Whitehall's Division of Fire is one of 29,819 throughout the United States, according to the National Fire Protection Association.

The department came together shortly after the community formed as a village in 1947, when around 4,400 residents called it home.

Prior to that, the village was an unincorporated area within Truro Township, whose fire protection was provided by its volunteer fire department. Its closest station to Whitehall was 5 miles away in Reynoldsburg.

The associated lengthy response time meant residents paid high fire-insurance rates for their homes and business.

According to the department's official history, it was in late 1949 that a group of Whitehall residents began to express an interest in forming a fire department.

In May 1951, the Whitehall Civic Club purchased a 1931 Seagraves Suburbanite 500-gallons-per-minute fire engine for the city.

The Seagraves Fire Engine Co. moved from Detroit to South High Street in Columbus in 1891. It manufactured, repaired and refurbished fire engines, as well as rescue units and firefighting equipment, until it closed in 1963.

The fire engine remained with the division until it was sold to the Jefferson Township Fire Department in 1970.

The acquisition of that first fire engine led Whitehall City Council to create a volunteer fire department June 27, 1951. Initially, it was housed in a garage across from the current site of Whitehall-Yearling High School; Kent State University trained the force's 30 volunteers.

Emergency calls at first were received in the home of Howard and Marciel Morgan on Pierce Avenue. Howard Morgan would respond to the calls as a volunteer, and Marciel Morgan was responsible for calling other volunteers. She went on to serve in a communications role for the division when it became equipped with a conventional radio room at its first station; she is thought to have been the nation's first female staff member of a fire department.

A bond issue was passed in 1951 for the purchase of land and the construction of a fire station, as well as to buy two new fire trucks and an emergency squad.

The squad arrived in June 1952, and its first run the following month was to a Pierce Avenue home to treat a child's cut.

The new fire station at 390 S. Yearling Road was dedicated March 10, 1953. Arthur T. Reddy was appointed the division's first full-time fire chief June 3, 1953, and its first full-time firefighters, Harold Boggess and James "Herk" Soteriades, were appointed in March 1956.

This number increased to 14 full-time firefighters by 1961. Growth of the division, which is overseen by the city's public safety department, was driven by the city's population, which had grown fourfold since its incorporation. A second story was added to the station in 1962, as were additional emergency vehicles and equipment.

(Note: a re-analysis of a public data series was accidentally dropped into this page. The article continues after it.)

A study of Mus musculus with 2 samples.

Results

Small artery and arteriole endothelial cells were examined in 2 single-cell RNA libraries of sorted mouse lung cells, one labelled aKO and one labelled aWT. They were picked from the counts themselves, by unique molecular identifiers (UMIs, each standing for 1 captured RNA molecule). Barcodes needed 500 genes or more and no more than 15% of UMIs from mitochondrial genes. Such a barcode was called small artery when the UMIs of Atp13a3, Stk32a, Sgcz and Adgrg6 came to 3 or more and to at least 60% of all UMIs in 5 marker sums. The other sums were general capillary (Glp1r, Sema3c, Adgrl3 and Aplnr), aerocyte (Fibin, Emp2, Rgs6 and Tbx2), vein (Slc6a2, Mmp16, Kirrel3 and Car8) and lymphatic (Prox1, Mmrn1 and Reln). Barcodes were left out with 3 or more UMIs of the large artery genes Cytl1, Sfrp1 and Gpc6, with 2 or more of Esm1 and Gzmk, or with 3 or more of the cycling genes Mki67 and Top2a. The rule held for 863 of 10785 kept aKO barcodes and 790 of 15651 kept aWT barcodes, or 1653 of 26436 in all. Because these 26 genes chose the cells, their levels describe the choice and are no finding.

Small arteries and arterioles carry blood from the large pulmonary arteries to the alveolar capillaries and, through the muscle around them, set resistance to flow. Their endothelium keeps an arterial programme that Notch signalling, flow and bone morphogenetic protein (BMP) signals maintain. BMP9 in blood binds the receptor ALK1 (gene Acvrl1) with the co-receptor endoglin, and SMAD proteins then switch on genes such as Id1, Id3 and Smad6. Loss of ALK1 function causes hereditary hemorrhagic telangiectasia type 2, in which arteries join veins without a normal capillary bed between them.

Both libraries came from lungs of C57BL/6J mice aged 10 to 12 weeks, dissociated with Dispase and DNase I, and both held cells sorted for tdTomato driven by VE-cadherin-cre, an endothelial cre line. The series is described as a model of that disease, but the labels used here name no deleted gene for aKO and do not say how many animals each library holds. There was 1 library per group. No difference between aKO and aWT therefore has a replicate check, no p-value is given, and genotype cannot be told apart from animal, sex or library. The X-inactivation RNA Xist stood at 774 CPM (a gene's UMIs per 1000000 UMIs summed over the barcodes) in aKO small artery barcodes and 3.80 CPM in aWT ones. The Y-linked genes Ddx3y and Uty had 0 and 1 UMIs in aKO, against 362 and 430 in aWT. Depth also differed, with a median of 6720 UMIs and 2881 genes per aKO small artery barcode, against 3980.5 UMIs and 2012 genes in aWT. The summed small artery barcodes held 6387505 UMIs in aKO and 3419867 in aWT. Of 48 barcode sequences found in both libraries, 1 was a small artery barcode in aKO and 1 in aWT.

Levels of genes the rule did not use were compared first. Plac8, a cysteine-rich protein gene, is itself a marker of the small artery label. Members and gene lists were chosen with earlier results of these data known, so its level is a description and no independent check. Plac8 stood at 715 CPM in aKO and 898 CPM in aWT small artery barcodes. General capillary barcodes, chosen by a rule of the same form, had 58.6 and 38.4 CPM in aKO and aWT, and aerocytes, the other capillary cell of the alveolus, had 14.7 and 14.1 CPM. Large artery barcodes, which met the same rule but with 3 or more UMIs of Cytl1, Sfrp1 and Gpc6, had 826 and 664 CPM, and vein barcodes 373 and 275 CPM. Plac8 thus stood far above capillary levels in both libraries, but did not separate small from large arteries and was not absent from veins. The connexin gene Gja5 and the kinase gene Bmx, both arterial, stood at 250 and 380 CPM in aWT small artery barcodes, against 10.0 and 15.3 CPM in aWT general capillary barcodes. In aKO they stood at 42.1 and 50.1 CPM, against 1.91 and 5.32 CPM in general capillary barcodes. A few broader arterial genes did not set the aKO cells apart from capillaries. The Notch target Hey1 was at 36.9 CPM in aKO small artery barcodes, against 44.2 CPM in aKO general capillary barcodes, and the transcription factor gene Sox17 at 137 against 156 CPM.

By 1998, the fire station was showing its age, and the division moved to a temporary facility on Etna Road.

This structure ultimately became the Whitehall Senior Center when the division returned in October 2000, where a new, state-of-the-art facility awaited.

The building sleeps 14 firefighters and has multiple offices, a training facility, a workout room and many other features.

The division has continued to expand and develop its capabilities throughout its existence, including addition of a mobile cardiac unit in 1973, and the accompanying training of six members for the unit -- the predecessors of modern-day paramedics.

In September 1980, the division's largest and most successful public-education effort, Safety Town, became the signature program of the Fire Prevention Bureau that had been established in 1974.

While the city's population has remained stable for the past few decades, it has evolved and has seen changes in diversity and demographics, said Fire Chief Preston Moore.

"We have 19,000 residents, but during the day, that number goes to about 30,000 people when you add in everyone who works here, with various backgrounds cultures -- even different languages," Moore said.

"We never know what's coming in, and the future brings more kinds of activities," he said. "For example, we've had to train up on how to approach emergencies involving electric cars, and how to cut off their main power switch."

A more recent facet of the division's role is helping to address the opioid crisis.

The division's SAFE Station program has received national recognition. People can come to the station for guidance on programs and facilities that can help treat addiction.

"We've become a model for other communities across the nation," Moore said. "People know that they can come here and get help and not be afraid of being arrested in the process. Last year, 775 came in for assistance."

Citing the division's 8,115 runs in 2019, Moore said its single station is an active one, with 30 firefighters and a full complement of officers.

"If someone wants to work in a busy department, they should apply here," he said. "We have a great reputation with the other departments around the area.

"We see it all here."

Steve McLoughlin is past president of the Whitehall Historical Society.